Serbs protest Kosova independence; Bosniaks protest Serbia genocide acquittal

Thousands of Serbs protested in front of the US embassy in Belgrade Feb. 27 against independence for Kosova, which has been under United Nations control since 1999. The protest, organised by the Serb National Council of Kosovo (SNV), drew some 40,000 people. Many came by bus directly from Kosova, carrying banners reading “Kosovo is the heart of Serbia”, “We won’t give up Kosovo” and “Russia, help!” Some carried pictures of Vladimir Putin or signs calling for Moscow to veto Kosova’s independence at the Security Council.

SNV president Milan Ivanovic told the crowd that the decision to rally in front of the US embassy was taken because Washington is “the creator of the Ahtisaari plan”, a reference to chief UN negotiator, former Finnish president Martti Ahtisaari who drew up a plan which would effectively grant Kosova independence. The rally was held with the blessing of three parliamentarian parties, including Prime Minister Vojislav Kostunica’s Democratic Party of Serbia. Serbian President Boris Tadic’s Democratic Party said in a statement it understood “the need of some people to protest,” but refrained from endorsing the rally. Ahtisaari is holding a last round of talks with Kosovar Albanian leaders and a Belgrade delegation before sending his proposal for the approval to the UN Security Council. (AKI, Feb. 27)

While welcomed by most Kosovar Albanian leaders, Ahtisaari’s plan actually calls for “supervised independence” with a long-term international oversight role in Kosova. It is opposed by the radically pro-independence Vetevendosja movement, which organized the recent marches in Kosova which turned violent. Vetevendosja has denied responsibility for the Feb. 26 grenade attack on an OSCE parking lot in Pristnia, which damaged several cars, but has called for more marches in the coming weeks. (DPA, Feb. 27)

Meanwhile, several thousand Bosnian Muslims protested in Sarajevo Feb. 27 against the acquittal of Serbia on genocide charges. Protesters blocked the main road into the city, expressing outrage at the previous day’s verdict by the International Court of Justice in The Hague. Some carried banners bearing the words “Betrayed Again”. The court ruled that the 1995 Srebrenica massacre constituted an act of genocide, and that Serbia had failed to use its influence with the Bosnian Serbs to prevent it, but cleared Serbia of direct responsibility for genocide in Bosnia-Herzegovina.

International authorities have decided to postpone handing over full powers of self-rule to Bosnia until the end of June 2008. The office of the High Representative in Bosnia-Herzegovina, with the power to dismiss Bosnia’s top officials, will stay open a year longer than planned. The decision was taken in Brussels by the 55-nation Peace Implementation Council. It steers the Dayton peace process agreed in 1995. Bosnia’s Muslims, Serbs and Croats still disagree over the High Representative’s demand that the country’s 15 police forces be integrated into a single ethnically-mixed force. (BBC, Feb. 27)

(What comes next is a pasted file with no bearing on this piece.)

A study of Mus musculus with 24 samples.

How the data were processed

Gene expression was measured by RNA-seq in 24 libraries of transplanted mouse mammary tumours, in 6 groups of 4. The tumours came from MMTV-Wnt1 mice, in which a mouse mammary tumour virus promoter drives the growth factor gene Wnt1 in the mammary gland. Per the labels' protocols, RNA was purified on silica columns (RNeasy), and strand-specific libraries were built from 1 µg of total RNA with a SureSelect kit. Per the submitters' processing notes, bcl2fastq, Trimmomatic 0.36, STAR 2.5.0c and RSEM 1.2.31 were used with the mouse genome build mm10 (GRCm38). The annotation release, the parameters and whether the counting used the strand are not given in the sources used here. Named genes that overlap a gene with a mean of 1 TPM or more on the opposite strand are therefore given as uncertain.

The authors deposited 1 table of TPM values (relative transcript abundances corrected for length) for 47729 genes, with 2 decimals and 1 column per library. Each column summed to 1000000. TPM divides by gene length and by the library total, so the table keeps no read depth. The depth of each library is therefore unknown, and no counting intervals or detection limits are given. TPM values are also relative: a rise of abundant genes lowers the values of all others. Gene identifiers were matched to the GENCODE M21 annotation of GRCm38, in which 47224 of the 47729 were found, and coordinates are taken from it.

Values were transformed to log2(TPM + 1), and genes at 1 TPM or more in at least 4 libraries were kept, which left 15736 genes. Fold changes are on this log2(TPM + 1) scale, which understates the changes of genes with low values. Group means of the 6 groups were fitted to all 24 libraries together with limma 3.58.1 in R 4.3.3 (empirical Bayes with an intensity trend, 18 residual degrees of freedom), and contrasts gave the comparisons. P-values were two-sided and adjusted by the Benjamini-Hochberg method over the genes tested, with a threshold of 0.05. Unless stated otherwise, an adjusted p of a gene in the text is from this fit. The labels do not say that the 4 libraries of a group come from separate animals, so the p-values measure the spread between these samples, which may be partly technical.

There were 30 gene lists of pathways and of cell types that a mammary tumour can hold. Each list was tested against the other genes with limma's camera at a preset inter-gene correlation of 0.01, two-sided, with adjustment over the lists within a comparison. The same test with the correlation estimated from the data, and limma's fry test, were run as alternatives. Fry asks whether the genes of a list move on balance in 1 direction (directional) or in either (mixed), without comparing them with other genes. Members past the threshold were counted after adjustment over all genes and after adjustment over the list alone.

In an illustration of the surreal nature of Bosnia’s internationally-crafted political system, Jakob Finci, the leader of Sarajevo’s small Jewish community, has asked the European Court of Human Rights to lift the prohibition on Jews and other minorities running for the Bosnian presidency. Under the country’s post-war constitution, only ethnic Serbs (Orthodox), Croats (Catholic) and Bosniaks (Muslim) are allowed to run for presidency. Bosnia has three presidents, each representing one of Bosnia’s principal constituent groups.

The Minority Rights Group International in London and Sheri Rosenberg, director of the program in Holocaust and Human Rights Studies at Yeshiva University’s Benjamin N. Cordozo Law school in New York, are supporting Finci’s application. “As far as [we] are aware, there is no other case in Europe where Jews are actually prevented from contesting the presidency,” the Minority Rights Group said in a statement. “Ironically, the Bosnian constitution is a modern day creation, but de facto reinforces centuries-old discrimination.” There are about 500 Jews living in Bosnia-Herzegovina. (Jerusalem Post, Feb. 18)

See our last posts on Bosnia and Kosova.